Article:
Warsaw — Poland's Communist Party, which has long since lost touch with the people, is struggling to find its place in a society where the military rule through martial law.
It is the first party in the communist bloc to resort to martial law to shore itself up and thus try to avoid the necessity of direct outside ''help,'' i.e., from the Soviet Union.
The Polish Central Committee opened its first session under martial law Feb. 24 with a round of official comments admitting the party has yet to win back the confidence of the nation it has governed for 35 years.
No other ruling party in the communist world has had to make so sweeping an admission, or face such a challenge to its power. The Hungarian party in 1956 and the Czechoslovak in 1968 were shaken by reform movements that only Soviet intervention was able to check.
But both were able to reestablish their authority within relatively short periods of time. The Hungarians did so under a pragmatic, more tolerant leadership; the Czechoslovaks with a mixture of rigid ideological control and stable living standards.
The August 1980 events in Poland -- reflecting the accumulation of two decades of popular dissatisfaction and increasing bitterness -- shook this party much more deeply.
Eighteen months after its first concessions to reform, the party had to impose martial law to stop the swing going too far and too fast. It shows only the tiniest sign of recovering any political authority.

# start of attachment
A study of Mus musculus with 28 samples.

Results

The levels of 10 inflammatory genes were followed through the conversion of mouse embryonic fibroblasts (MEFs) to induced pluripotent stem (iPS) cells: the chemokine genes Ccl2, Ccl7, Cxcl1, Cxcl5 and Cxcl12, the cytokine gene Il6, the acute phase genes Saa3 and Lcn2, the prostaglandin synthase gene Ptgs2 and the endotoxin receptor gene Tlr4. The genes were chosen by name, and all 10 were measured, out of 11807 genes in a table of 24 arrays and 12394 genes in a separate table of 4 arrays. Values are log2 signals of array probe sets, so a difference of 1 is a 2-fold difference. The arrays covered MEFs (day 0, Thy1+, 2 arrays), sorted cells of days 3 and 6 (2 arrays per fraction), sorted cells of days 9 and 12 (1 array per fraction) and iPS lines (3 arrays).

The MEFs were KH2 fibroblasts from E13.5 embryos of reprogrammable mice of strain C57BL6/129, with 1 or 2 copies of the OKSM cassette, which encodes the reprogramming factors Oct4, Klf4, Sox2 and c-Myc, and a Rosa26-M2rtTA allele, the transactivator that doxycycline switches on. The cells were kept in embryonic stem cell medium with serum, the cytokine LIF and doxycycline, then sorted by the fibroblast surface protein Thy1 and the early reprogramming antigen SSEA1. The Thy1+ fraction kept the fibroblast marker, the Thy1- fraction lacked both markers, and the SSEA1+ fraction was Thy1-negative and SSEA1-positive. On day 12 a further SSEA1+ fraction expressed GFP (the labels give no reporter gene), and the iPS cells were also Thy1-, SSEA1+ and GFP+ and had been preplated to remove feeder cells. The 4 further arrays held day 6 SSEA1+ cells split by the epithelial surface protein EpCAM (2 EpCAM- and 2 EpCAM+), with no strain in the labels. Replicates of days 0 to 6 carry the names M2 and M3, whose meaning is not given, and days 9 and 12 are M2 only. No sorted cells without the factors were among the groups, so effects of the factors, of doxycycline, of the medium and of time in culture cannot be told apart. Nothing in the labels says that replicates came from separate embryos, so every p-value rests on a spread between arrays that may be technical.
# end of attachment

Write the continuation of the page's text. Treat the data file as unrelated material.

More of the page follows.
Against this background, the party daily Trybuna Ludu wrote Feb. 24 in terms of a new party abandoning former ''command practices'' and finding instead ''a joint creative'' role in genuine partnership with the working class and the nation as a whole.
But the terms of such a partnership are not being spelled out adequately enough, it would seem, to be convincing very many Poles.
The government-sponsored paper Rzeczposolita (the Republic) -- launched after the start of military rule Dec. 13 - said bluntly that the Central Committee has to determine how the party ''can - and must'' win public confidence, prestige, and credibility to steer the country out of its crisis.
Zolnierc Wolnosci, the Army newsaper, also conceded the loss of public trust, beginning early in the 1970s. It acknowledged that the party must change its methods if it is to accomplish ''further socialist building'' in Poland. This newspaper is, in effect, the voice of the ruling military council, which assumed power from the party 10 weeks ago and whose chief, Gen. Wojciech Jaruzelski, has pledged himself to the continuance of reform.
But it also reflects the views of a formidable orthodox and authoritarian faction in the upper leadership that opposes reform and is pressing for a top-to-bottom ideological purge of the party to safeguard its control over whatever changes are made.
''The class enemy has been paralyzed,'' the newspaper said, ''(but) it has not stopped its underground activity . . . (nor its) desire for revenge.''
It is said the committee's debate is centering on a draft program entitled, ''What we are fighting for and where we are going.''
''In this declaration,'' said Rzeczposolita hopefully, ''every party member and every citizen will find an attempt at answering the questions now disturbing our nation.''
But convincing Poles of this may depend on the apparent ''balance'' between the factions at the top being swung decisively in favor of reform in the Central Committee.